If “Elvis” director Baz Luhrmann had had his way, then his biopic about the King of Rock and Roll would’ve been a whopping four hours long.
Unfortunately, it’s hard for movie theaters to run four-hour movies, just like it’s hard for audience members to sit through something that long in one go. Baz Luhrmann managed to cut down the 240-minute film into just 159 minutes for the theatrical release. But he told Variety all about the material he included in the original version. Including Elvis Presley’s meeting with former President Richard Nixon.
“I mean, I have a four-hour version, actually,” Luhrmann said. “I do. But you have to bring it down to 2 hours 30… I would have liked to lean into some of the other things more – there’s so much more. I mean, there’s lots of stuff that I shot like the relationship with the band, I had to pare [that] down – and it’s so interesting how the Colonel [Tom Parker, played by Tom Hanks] gets rid of them.”
Per Baz Luhrmann, some of the other cut content included more about Elvis’ relationship with Dixie, his first girlfriend. “And later on how… once he’s caught in a trap, and he’s discombobulated and doesn’t understand… someone who’s got such a hole in his heart like Elvis constantly looking and searching for love and finding it on stage but nowhere else.”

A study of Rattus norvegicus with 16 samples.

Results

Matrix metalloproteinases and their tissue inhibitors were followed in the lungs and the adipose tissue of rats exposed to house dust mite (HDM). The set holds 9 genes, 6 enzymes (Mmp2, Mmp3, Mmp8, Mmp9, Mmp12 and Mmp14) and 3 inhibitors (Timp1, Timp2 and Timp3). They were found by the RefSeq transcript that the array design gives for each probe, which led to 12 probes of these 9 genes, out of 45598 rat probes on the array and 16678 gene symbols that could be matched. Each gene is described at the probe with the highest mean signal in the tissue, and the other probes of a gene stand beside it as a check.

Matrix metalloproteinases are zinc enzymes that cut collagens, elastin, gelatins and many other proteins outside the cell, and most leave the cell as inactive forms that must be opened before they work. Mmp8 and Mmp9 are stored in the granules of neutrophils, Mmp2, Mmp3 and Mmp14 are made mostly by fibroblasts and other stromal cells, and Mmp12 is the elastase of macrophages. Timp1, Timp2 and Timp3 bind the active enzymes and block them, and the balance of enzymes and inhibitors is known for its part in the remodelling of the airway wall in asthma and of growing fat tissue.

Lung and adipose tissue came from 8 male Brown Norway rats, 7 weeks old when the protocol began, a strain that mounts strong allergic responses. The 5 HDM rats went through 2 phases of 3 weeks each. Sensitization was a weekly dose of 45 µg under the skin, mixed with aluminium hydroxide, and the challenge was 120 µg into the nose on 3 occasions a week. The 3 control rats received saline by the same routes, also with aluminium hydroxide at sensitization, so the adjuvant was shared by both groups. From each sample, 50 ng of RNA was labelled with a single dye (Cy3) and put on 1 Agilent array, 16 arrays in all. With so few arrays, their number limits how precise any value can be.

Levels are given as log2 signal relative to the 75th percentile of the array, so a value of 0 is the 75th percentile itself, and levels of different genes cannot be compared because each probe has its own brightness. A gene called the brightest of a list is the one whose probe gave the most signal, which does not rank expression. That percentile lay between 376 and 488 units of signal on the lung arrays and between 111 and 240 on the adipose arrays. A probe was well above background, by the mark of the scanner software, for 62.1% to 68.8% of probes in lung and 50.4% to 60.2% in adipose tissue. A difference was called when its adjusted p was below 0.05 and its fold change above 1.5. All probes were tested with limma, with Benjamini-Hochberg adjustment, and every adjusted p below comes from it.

As for the Nixon scene, Luhrmann said he shot that scene along with additional storytelling about the singer’s “addiction to barbiturates and all of that.”
“What happens is he starts doing wackadoo things – like going down to see Nixon,” Baz Luhrmann explained “I had it in there for a while but there just comes a point where you can’t have everything in, so I just tried to track the spirit of the character.”
‘Elvis’ Director Baz Luhrmann Talks Receiving the Presley Family’s Support for the Film
Filming biopics can be a tricky business, especially when family members of the deceased are still living. And though Baz Luhrmann knew he would move forward with the film one way or another, it meant a lot that he received the support of Priscilla and Lisa Marie Presley, plus Riley Keough.
“I can’t underline enough that no member of the Presley family needs to endorse this film, nor did I have to fulfill any particular direction from them,” Luhrmann told EW earlier. “They could have liked it, loathed it, whatever. Their response is genuine. And for them to kindly bring us into their house and to say the things they did, I didn’t really see coming.”
All three women discussed their emotional responses to the film in interviews and social media posts leading up to the release. You can see “Elvis” in theaters starting this Friday, June 24.